Iconic, massive and with an amazing engine sound – a few weeks ago Pole Position did a full recording of three different Peterbilt heavy-duty trucks on the Malmby airfield outside the town of Strängnäs in Sweden.
The Peterbilt heavy-duty truck is built not only to impress the eye, but also the ear. Whereas many European trucks are constructed to make as little noise as possible the contrary is true for the American made Peterbilt trucks.
– The engine sound is amazing. But not only that. Peterbilt trucks are a symbol of endless American highways and life on the road. They are quite exotic, says Mats Lundgren of Pole Position.
Crisp autumn weather made for perfect recording conditions when the Pole Position team set up their equipment on a Sunday a few weeks back. For the drivers however, the cool weather was a challenge.
– There’s no heating in the driver’s cabin so it was freezing cold in there. These trucks are made for much warmer conditions, says Mats.
All three trucks – a 1969 Peterbilt 359 with a 14,9L Cummins engine, a 1971 Peterbilt 359 with a 14,9L Caterpillar engine and a Peterbilt Detroit with a 2-stroke diesel V8 engine – were located thanks to the Swedish Peterbilt Club who gathers Swedish Peterbilt enthusiasts.
– It was really nice of them to come out here on a Sunday. One of them drove almost 300 kilometers to participate, says Mats.
During the session Pole Position recorded sounds from the engine, from inside the driver’s cabin and from the rear tires of a 12-ton trailer which the trucks where pulling to make the sounds they would on a real haul. Four recording posts were set up along the airstrip to record maneuvers such as slow driving, normal driving, full speed driving and reverse driving.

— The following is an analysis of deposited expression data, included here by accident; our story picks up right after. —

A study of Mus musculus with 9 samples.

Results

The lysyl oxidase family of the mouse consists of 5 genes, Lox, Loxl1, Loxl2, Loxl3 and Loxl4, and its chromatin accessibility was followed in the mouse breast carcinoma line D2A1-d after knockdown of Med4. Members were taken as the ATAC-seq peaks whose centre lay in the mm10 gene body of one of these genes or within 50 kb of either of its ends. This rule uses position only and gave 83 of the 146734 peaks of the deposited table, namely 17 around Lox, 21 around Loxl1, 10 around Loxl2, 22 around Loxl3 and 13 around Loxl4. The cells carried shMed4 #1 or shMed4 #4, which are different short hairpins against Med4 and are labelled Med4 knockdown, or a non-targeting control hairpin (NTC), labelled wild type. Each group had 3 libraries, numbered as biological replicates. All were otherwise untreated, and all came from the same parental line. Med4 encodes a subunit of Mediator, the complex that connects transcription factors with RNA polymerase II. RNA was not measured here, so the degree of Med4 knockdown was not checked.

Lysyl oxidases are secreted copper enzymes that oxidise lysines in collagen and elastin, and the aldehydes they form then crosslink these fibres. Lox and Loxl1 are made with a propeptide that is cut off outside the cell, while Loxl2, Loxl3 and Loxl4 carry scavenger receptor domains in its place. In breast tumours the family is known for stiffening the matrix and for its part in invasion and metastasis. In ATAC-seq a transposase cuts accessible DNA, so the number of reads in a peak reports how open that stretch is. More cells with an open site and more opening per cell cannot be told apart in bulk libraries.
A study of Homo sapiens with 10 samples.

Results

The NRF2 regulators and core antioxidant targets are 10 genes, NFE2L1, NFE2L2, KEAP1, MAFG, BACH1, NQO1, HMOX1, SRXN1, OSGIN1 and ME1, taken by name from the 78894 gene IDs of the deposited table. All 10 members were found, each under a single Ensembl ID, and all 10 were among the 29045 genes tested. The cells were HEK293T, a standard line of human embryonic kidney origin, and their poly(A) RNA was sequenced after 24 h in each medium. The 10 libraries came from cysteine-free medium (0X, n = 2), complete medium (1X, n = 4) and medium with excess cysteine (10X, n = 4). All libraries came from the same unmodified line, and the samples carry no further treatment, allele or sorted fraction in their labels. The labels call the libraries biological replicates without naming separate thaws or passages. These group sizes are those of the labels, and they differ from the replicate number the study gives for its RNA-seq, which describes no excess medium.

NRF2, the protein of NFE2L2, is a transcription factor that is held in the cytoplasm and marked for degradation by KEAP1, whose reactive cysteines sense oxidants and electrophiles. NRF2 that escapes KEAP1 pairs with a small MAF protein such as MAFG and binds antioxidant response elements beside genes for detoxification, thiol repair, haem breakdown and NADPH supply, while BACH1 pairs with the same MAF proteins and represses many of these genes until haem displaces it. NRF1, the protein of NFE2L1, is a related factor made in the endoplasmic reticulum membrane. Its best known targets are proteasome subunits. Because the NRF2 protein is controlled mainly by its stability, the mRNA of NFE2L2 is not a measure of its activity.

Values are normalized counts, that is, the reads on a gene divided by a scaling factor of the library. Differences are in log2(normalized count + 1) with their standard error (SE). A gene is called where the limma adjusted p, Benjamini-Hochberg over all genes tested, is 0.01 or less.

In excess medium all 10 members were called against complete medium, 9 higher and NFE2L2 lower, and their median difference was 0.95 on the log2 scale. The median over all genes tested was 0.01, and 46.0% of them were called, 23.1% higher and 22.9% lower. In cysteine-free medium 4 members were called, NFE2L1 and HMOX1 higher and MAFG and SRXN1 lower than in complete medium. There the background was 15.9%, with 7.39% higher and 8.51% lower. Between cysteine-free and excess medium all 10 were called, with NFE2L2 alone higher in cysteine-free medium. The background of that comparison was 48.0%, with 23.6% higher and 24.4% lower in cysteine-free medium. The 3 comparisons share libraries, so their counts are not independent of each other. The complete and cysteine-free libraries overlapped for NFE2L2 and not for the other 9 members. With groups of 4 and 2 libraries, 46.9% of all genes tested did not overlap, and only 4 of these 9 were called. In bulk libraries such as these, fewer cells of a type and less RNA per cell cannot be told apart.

Recordings of the trucks braking were also made.
– Peterbilt trucks are known for their cool jake brakes sounds and we got really great recordings of that. The sound they make is like a mix between a machine gun and a Harley-Davidson motorcycle, says Niklas Olsson of Pole Position.
The team used five microphones in the engine bay, three microphones in the driver’s cabin (one of them a Sennheiser Ambisonic microphone), four microphones by the rear tires of the trailer and seven microphones on the exhaust pipes. With exhaust pipes rising a meter above the cab it took some time to get them mounted. – Fortunately, we had planned for this and brought a ladder, but it was still kind of tricky. We had to use a lot of cable ties and duct tape to get them in place but once we did everything worked smoothly and we got really good recordings, says Niklas.